Translated by Charlotte Doane
As a proud partner in supporting new translators, Cartier et Lelarge welcomed three interns this summer. However, lockdown measures have meant that their internships have been entirely remote, which has presented unique challenges. We have had to get creative to make sure that we are giving these new translators quality training and an enriching experience. Three weeks in, we take stock of the problems we have faced and the solutions we have found.
Of course, these interactions are not strictly limited to the professional. We also use them as a chance to say hello and share a bit of what is going on in our lives.
The challenge has proven complex, but certainly not insurmountable, requiring adaptability and no small amount of resourcefulness. We wanted to ensure the best possible working conditions for our interns, so we knew communication would be key—as it so often is. We paired each of our interns with an in-house employee who is responsible for welcoming them, training them, answering their questions and revising their work. Interns meet with their supervisor each morning via video chat to plan the day’s work, and the whole staff keeps in touch through group video calls and emails. Of course, these interactions are not strictly limited to the professional. We also use them as a chance to say hello and share a bit of what is going on in our lives. The close contact between interns and supervisors, combined with a relaxed work atmosphere that persists online, has made it much easier for our interns to integrate into the team and adapt to their new work environment.
But remote work also involves logistical challenges, beginning with the question of where “work” is for you. Under normal circumstances, our internships would take place entirely at our offices. Obviously, that was not an option this summer. Like all of our employees, our current interns have had to make themselves as comfortable as possible in the space available to them and learn how to deal with the downsides of working from home, from noisy neighbours to lack of air conditioning. But even the most ergonomic home office is no use without a reliable internet connection. While the availability of home Wi-Fi is often taken for granted in Quebec, it is a different situation in Guatemala, where one of our internship supervisors is currently located. She has managed to stay in contact with her mentee despite some technical difficulties. Maintaining communication has been vital in keeping our interns from feeling isolated and making sure that they are part of the team, an area in which we seem to have been successful.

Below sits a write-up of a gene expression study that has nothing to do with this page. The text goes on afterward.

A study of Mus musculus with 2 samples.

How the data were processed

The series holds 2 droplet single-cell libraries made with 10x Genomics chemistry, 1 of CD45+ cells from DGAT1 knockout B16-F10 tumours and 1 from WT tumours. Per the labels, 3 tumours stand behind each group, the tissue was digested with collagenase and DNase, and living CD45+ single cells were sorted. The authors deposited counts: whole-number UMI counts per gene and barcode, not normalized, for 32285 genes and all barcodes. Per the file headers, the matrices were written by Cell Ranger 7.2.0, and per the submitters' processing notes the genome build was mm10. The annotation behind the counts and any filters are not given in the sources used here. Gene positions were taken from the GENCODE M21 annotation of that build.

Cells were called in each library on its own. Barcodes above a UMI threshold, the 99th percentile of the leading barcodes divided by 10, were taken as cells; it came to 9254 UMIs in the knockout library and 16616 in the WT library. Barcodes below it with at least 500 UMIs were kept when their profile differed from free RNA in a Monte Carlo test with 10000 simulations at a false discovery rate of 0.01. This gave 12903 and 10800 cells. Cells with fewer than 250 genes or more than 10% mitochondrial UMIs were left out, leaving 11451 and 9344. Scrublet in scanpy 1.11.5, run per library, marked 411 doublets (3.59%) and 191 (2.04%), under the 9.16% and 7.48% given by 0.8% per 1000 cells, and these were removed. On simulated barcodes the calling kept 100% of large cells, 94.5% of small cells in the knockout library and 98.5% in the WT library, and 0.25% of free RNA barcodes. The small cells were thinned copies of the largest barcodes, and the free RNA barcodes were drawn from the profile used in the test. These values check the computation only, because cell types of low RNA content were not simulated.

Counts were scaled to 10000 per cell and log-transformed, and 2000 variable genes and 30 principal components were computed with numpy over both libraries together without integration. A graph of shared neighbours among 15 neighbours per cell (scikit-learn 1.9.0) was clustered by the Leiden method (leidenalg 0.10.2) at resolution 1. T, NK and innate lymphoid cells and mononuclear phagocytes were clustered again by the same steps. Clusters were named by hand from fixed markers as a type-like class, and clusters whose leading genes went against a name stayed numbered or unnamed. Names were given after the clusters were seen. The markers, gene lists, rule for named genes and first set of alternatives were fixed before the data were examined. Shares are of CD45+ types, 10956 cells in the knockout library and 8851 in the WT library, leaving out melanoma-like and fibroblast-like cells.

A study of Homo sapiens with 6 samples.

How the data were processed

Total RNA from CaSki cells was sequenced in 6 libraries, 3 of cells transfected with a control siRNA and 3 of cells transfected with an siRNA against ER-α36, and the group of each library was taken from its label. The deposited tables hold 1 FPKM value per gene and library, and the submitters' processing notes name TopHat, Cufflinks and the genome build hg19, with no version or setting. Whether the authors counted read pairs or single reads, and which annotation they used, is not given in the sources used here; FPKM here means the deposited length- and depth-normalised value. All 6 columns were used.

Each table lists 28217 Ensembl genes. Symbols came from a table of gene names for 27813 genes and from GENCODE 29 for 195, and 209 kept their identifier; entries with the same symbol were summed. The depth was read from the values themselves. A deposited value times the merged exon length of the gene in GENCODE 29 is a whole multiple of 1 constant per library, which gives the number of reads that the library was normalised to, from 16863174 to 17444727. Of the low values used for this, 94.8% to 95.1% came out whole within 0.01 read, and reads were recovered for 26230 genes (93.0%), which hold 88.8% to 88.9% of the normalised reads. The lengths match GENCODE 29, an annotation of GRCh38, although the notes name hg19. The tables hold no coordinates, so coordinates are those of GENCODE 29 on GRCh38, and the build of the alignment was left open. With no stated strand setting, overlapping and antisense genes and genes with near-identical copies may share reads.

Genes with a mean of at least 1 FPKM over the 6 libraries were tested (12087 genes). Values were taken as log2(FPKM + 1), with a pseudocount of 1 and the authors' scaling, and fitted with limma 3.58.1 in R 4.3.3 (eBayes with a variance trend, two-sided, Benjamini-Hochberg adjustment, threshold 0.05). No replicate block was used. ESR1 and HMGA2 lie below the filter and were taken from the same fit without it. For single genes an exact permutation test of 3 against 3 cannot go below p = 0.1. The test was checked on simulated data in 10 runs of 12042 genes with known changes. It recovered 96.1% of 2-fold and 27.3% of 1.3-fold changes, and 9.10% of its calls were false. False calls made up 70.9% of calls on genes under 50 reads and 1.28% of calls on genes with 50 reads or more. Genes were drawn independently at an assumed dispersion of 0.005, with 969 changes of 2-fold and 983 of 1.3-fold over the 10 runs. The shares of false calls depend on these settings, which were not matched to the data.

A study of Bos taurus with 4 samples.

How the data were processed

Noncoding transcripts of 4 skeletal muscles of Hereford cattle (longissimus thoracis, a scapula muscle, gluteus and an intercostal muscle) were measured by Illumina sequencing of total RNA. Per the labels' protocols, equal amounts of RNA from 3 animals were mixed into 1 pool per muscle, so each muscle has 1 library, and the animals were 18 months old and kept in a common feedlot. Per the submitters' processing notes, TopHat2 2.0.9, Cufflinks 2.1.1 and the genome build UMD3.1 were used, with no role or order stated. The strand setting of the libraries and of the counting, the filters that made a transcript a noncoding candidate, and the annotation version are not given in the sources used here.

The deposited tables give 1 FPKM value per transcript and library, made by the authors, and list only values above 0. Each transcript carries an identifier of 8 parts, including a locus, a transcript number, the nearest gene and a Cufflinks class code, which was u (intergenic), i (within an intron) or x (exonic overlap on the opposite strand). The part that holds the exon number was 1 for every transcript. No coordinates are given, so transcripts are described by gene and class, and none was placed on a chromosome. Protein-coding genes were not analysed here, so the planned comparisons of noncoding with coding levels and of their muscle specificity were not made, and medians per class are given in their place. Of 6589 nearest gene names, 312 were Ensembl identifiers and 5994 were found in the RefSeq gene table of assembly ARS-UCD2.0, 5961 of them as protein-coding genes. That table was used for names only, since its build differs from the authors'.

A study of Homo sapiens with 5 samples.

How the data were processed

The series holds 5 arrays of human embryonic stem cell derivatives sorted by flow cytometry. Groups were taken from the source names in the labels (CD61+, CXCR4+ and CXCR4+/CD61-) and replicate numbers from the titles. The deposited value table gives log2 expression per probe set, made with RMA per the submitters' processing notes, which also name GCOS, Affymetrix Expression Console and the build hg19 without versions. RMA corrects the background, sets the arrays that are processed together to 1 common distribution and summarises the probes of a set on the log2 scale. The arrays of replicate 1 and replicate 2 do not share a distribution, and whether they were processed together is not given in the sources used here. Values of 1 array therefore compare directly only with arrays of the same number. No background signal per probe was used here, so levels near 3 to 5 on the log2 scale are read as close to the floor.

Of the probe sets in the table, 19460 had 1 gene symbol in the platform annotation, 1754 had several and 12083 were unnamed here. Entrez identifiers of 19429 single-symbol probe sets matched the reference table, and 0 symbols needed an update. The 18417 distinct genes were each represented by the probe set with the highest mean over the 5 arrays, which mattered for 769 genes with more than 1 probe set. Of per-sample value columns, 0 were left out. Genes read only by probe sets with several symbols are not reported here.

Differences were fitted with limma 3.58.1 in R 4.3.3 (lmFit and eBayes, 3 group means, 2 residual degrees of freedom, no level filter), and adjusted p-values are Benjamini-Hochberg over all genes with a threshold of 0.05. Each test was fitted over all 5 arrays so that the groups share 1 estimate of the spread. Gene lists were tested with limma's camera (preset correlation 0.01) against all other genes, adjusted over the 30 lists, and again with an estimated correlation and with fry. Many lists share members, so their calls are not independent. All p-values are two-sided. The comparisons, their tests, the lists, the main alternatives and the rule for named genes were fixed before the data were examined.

All in all, we feel that we have succeeded in tackling the challenges of remote internships in this time when solidarity is more vital than ever.
The educational aspect of our internships has also adapted to the context of the pandemic. Though our interns are given corrections and feedback on their work, they admit that the physical distance sometimes makes them feel like they are not improving as quickly as usual. Some commented that they would prefer to see their revisers in person, if only for the nonverbal cues that normally give them a sense of how well their work was received. Evidently, email and instant messenger are no substitute for human interaction. Still, our interns have taken this in stride, seeing their time with us as a good learning opportunity.
All in all, we feel that we have succeeded in tackling the challenges of remote internships. Our supervisors are by no means out of their element, as they all have previous experience welcoming new employees. One commented that the procedures that trainers have adopted this summer are similar to those that she has followed when participating in the OTTIAQ mentorship program. Overall, our interns say that they are very happy with the way they have been welcomed and feel that they have successfully adapted to this new reality. They also say that knowing they can count on the support of experienced translators has bolstered their confidence in this time when solidarity is more vital than ever. In that view, we can proudly say mission accomplished!